The U.S. Federal Communications Commission voted Tuesday to approve rules that would allow new broadband devices to operate in unused television spectrum.
The FCC voted on the rules governing the operation of new devices in the so-called spectrum white spaces over the objections of television broadcasters, wireless microphone makers, several sports leagues, and dozens of performing artists and U.S. lawmakers. The vote will allow more broadband competition in the U.S., with wireless devices competing with providers of cable broadband and DSL/fiber-based broadband, said Commissioner Jonathan Adelstein.
"Today’s decision is consequential to our nation’s future because wireless broadband has the potential to improve our economy and quality of life in even the remotest areas," Adelstein said. "One of the best options for promoting broadband and competition across the country, particularly in rural areas, is maximizing the potential of spectrum-based services."
The National Association of Broadcasters (NAB) had run a hard-fought campaign against the white-space proposal, saying two rounds of extensive testing by the FCC failed to prove that prototype broadband devices would avoid interfering with TV stations on neighboring channels.
The NAB promised to continue to fight against potential interference with TV stations. "While we appreciate the FCC's attempt to address significant issues raised by broadcasters and others, every American who values interference-free TV should be concerned by today's commission vote," said Dennis Wharton, NAB's executive vice president. "By moving the white-space vote forward, the commission appears to have bypassed meaningful public or peer review in a proceeding of grave importance to the future of television."
The white spaces are empty channels on spectrum designated for use by television stations, but wireless microphones also broadcast on the spectrum without FCC licenses. All U.S. television markets have some white-space spectrum, and several tech companies and public interest groups have pushed the FCC to approve white-space devices in recent years.
The FCC agreed on some restrictions on white-space devices, which could be on the market in the next two years. In most cases, devices will have to include geolocation technology, which uses technologies such as GPS to match a white-space device's location against a preexisting database of spectrum users. In FCC tests this year, devices using spectrum-sensing technology, a real-time effort to sense existing spectrum users, encountered several problems, but a Motorola prototype device using geolocation correctly found all occupied channels, the FCC said.
Wireless microphone vendors, including Shure Inc., had also objected to white-space devices on interference grounds. But the FCC said microphone makers would be protected because facilities using wireless mics will be able to register with the geolocation database.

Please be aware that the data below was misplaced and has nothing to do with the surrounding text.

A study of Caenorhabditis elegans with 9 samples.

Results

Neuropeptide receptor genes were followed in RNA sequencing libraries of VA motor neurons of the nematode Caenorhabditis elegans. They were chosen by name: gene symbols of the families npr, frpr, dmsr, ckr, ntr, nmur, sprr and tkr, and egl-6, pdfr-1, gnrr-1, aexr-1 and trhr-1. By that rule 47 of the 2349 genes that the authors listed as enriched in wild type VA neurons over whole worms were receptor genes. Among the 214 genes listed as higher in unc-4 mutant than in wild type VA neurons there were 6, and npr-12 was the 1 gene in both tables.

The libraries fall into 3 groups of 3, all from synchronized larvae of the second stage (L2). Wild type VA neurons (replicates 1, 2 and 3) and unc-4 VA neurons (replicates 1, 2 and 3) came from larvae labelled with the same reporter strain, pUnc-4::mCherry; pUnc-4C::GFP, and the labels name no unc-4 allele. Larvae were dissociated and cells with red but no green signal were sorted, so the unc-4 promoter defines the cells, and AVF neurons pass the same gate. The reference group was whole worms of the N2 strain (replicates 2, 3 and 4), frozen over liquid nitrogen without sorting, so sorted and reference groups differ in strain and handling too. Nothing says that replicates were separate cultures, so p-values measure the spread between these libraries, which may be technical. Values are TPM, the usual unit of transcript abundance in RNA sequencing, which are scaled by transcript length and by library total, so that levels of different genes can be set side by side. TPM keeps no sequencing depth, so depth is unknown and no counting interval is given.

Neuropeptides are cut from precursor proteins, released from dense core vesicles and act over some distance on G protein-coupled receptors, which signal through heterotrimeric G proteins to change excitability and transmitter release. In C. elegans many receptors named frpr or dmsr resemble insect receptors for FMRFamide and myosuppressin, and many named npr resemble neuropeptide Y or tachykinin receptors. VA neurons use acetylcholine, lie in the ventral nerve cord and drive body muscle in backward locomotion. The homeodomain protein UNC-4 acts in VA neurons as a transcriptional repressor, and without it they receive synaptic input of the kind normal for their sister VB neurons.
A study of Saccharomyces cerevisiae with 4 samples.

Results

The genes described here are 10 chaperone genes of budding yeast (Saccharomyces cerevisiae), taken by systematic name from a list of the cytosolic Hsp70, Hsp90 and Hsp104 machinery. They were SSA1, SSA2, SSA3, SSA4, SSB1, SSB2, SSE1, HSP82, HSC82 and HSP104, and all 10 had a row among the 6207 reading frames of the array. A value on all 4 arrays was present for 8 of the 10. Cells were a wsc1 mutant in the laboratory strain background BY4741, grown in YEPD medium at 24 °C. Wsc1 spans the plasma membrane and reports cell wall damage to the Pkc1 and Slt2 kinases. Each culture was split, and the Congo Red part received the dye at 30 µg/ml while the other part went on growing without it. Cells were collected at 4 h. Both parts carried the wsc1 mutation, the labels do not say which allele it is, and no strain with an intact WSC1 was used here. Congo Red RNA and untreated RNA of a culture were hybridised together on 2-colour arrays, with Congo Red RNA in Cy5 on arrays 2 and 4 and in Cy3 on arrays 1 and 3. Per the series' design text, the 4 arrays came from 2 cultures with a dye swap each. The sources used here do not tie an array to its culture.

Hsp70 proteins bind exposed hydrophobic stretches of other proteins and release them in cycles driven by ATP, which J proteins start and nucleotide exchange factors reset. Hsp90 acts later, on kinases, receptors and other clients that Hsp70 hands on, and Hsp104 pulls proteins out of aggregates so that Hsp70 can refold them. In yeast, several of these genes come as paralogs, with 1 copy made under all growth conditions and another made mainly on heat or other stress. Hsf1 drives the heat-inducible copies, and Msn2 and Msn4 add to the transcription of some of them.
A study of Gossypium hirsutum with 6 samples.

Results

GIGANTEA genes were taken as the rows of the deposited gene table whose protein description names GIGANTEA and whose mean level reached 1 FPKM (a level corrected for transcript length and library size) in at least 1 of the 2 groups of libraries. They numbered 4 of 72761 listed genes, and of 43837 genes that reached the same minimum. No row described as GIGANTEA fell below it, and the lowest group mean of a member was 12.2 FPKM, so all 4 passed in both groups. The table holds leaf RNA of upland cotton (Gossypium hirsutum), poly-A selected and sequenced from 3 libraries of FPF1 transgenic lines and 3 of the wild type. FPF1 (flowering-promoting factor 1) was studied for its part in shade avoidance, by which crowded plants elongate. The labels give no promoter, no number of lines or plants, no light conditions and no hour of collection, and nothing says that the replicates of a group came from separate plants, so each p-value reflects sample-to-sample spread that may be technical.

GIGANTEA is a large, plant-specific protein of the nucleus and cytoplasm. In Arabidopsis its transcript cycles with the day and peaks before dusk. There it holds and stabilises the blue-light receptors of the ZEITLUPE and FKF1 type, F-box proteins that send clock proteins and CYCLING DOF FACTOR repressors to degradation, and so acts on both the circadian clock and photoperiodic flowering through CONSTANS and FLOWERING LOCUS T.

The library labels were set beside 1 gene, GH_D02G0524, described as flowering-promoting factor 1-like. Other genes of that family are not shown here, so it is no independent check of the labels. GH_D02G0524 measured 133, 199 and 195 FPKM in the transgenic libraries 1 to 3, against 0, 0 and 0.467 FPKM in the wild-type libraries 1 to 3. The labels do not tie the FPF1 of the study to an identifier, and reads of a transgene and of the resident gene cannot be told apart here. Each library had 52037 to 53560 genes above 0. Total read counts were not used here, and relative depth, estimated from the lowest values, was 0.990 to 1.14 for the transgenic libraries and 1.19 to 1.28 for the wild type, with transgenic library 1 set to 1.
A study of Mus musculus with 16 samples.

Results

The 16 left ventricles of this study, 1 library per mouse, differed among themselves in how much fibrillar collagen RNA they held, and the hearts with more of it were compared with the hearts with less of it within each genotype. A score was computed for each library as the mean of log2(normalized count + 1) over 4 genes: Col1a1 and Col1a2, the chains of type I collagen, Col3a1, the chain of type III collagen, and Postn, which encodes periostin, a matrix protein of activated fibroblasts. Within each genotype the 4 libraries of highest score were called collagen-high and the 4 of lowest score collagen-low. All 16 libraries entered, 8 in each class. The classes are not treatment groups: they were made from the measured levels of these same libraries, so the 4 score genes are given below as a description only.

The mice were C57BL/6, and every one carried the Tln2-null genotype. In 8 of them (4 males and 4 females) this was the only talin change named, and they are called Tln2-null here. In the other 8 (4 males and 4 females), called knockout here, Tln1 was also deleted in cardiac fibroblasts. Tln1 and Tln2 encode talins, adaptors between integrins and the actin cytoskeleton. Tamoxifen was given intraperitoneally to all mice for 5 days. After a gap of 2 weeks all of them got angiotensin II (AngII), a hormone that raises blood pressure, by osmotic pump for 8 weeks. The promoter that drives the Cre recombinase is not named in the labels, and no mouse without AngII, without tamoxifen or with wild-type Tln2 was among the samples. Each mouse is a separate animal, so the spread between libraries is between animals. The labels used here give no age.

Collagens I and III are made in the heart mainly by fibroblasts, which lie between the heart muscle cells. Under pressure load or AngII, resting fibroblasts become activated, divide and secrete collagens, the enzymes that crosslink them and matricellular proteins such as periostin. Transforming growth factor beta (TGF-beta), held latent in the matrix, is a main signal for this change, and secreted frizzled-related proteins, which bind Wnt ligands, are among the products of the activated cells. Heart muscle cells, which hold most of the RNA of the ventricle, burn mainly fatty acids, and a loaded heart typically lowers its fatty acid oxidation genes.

Makers of wireless broadband devices that don't include geolocation capabilities can also apply for FCC certification, but they will face a "much more rigorous" approval process, the FCC said in a press release. Those applications will be open for public comment before the FCC approves them.
The FCC will also act promptly to remove any devices that cause interference, the FCC said.
The FCC vote will "greatly complicate the lives of wireless microphone users across the United States and negatively affect tens of millions of Americans listening to live and broadcast events,” Mark Brunner, Shure’s senior director of global public and industry relations, said in a statement.
Several groups and companies, including Microsoft and the Information Technology Association of America, praised the FCC's decision. “This is a great order, a great start and a great day for innovation,” said Jake Ward, a spokesman for the Wireless Innovation Alliance, a group representing several large tech vendors and public interest groups.
FCC Chairman Kevin Martin, who pushed for the white-space proposal, said the vote will allow many kinds of new technology, including enhanced home broadband networks and intelligent peer-to-peer devices.
"Opening the white spaces will allow for the creation of a Wi-Fi on steroids," he said. "It has the potential to improve wireless broadband connectivity and inspire an ever-widening array of new Internet-based products and services for consumers."
In other votes, the FCC on Tuesday approved Verizon Wireless' acquisition of rival Alltel, on the condition that Verizon sell off wireless equipment in 100 U.S. markets. The FCC also voted to allow, with conditions, the transfer of spectrum licenses held by Sprint Nextel and Clearwire to a company called New Clearwire.
New Clearwire wants to build a nationwide WiMax wireless broadband network.